Most people celebrate St-Valentine’s Day because they’re in love. But some people wonder what there is to celebrate! If you’ve ever felt like that, we understand. Duane and I have wondered what the fuss was about, and yes, that was while we were married!
When you hear about the challenges we faced, you’ll wonder why we’d want to remember them at all! And we would be more than happy to forget most of them, but recalling these challenges reminds us of how much better life is once you learn to overcome the many challenges that spring from the often-ignored third party, ADHD, in relationships.
Who would want to recall three-hour shouting matches followed by three days of icy silence? Unless we could also share how we’ve now learned to keep the communication channels open.
Fighting Stimulates the ADHD Brain
Your ADHD spouse likely enjoys fights because the big rush of adrenaline allows them to focus. It doesn’t help that they are likely carrying a lot of shame and guilt that makes any criticism or innocent comment feel like an attack. And as the non-ADHD spouse in our relationship, I can tell you that I was exhausted and resented carrying the entire burden of the household responsibilities.
I was so frustrated that Duane couldn’t remember what I’d asked him to do 15 minutes ago but he could quote me word-for-word on something I’d said five years ago… if it would help him win the argument! There was no way out!
How to Communicate When You Can’t Communicate
Of course, until you can communicate, you can’t even begin to address any other issues in your relationship. We couldn’t talk to each other because every conversation ended in a shouting match, but we desperately wanted to save our marriage because we still loved each other. Instead, we agreed to write to each other using rules you can apply in your own situation:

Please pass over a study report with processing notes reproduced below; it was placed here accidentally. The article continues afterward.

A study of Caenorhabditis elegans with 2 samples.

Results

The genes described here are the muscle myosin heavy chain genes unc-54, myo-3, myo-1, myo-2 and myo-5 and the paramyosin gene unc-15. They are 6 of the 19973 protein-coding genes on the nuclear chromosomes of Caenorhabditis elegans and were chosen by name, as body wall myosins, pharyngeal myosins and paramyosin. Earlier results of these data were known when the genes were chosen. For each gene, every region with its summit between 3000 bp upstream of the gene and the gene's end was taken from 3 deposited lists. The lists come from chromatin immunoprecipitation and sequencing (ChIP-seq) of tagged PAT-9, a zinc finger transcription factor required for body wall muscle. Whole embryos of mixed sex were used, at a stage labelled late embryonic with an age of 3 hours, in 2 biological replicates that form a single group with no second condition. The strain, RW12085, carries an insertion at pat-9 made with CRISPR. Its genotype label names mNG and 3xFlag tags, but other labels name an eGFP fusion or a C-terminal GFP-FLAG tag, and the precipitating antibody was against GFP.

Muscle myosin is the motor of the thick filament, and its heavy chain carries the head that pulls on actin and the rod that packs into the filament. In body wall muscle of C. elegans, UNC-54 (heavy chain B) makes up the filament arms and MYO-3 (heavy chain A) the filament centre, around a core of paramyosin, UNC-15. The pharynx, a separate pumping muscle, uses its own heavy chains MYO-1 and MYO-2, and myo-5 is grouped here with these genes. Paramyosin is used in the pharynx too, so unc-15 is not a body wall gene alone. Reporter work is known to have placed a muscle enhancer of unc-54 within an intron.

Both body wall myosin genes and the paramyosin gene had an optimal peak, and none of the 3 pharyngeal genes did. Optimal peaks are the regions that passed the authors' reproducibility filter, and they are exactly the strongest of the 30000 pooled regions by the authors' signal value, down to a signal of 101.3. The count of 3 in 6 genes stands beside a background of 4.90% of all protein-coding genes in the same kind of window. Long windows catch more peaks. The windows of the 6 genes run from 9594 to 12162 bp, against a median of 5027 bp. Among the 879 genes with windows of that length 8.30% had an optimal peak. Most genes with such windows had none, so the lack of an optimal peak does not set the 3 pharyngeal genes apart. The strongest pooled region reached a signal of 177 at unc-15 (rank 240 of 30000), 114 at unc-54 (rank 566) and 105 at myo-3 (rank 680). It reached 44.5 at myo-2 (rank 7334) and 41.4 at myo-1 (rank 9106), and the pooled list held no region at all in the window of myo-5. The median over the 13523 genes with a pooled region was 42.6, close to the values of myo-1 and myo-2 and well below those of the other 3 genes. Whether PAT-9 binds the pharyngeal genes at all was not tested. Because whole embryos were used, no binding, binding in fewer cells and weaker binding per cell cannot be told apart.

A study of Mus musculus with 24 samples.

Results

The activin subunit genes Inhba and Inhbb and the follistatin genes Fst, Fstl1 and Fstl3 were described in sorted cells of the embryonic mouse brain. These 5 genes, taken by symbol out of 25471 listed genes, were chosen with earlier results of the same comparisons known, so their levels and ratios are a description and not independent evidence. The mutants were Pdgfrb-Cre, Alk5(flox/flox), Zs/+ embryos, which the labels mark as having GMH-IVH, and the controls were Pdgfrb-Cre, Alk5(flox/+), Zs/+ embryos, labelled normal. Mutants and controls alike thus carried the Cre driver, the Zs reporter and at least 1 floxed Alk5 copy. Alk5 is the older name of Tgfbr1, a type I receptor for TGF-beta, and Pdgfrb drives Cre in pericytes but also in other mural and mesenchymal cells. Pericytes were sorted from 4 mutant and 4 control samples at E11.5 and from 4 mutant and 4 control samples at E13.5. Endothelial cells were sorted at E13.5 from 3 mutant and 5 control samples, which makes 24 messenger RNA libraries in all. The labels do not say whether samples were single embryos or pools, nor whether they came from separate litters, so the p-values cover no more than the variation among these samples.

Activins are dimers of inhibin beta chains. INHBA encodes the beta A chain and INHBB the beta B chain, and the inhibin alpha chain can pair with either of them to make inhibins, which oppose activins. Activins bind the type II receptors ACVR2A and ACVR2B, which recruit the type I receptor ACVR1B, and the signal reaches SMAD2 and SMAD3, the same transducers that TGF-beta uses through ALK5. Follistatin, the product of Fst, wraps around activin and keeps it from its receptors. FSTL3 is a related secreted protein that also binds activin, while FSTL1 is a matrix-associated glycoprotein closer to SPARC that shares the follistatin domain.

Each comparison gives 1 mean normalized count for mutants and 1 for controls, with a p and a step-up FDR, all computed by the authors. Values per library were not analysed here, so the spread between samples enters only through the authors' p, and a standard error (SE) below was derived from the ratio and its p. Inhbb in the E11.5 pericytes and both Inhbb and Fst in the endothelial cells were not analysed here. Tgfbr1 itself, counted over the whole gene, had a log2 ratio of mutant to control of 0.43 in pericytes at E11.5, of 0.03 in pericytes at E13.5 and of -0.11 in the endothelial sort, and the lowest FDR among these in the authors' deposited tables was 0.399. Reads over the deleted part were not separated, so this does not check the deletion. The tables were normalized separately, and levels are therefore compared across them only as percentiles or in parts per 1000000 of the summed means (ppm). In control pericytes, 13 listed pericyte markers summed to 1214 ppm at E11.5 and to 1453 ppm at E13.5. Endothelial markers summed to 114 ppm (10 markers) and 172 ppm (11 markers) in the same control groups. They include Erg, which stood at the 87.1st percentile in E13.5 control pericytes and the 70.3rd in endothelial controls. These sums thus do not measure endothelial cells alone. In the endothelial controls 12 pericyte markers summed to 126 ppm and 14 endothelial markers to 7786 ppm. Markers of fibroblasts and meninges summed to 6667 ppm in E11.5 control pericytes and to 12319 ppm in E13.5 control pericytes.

- Tell your spouse how you feel, not what he/she is doing wrong. For example, “When you commit to doing something and then don’t do it, it makes me feel as if I’m not important.”
- Write with the intent of being heard and understood, not with the intent of winning or being right.
- Beware of words like “always,” “never,” and “should.”
- Re-read and edit your writing, asking:
a) Could my spouse interpret this as an attack? If the answer is yes, change how you say it.
b) Am I saying this because I want to be right, or because I want to be heard? If the answer is, “I want to be right,” adjust it so that your intent is strictly to be heard.
- In each letter, state your love and reiterate your desire to understand and to be understood. Remember, the objective is always to improve your relationship.
Once you’ve finished your letter, don’t deliver it and then stand with your hand on your hips, tapping your foot while your spouse reads it. Give your spouse plenty of time to read it, mull it over and to respond in writing. The secret of this process is that it removes the lure of instant gratification and the adrenaline rush ADHDers get from a fight.
For Duane and I, this approach finally enabled us to communicate in a way that information was flowing in both directions. It wasn’t long before we realized that both of us were in pain, and that we both wanted exactly the same things… a better relationship in which we both could grow and feel fulfilled.
If you want to improve your relationship with an ADHD spouse, the good news is that it’s never too late to take steps (like this one) that will make a positive impact. You can have the partnership of your dreams, and even though it’s hard to believe when you’re in the middle of a shouting match, it’s rarely easier to start over than it is to rebuild the relationship you’re in, ADHD or not.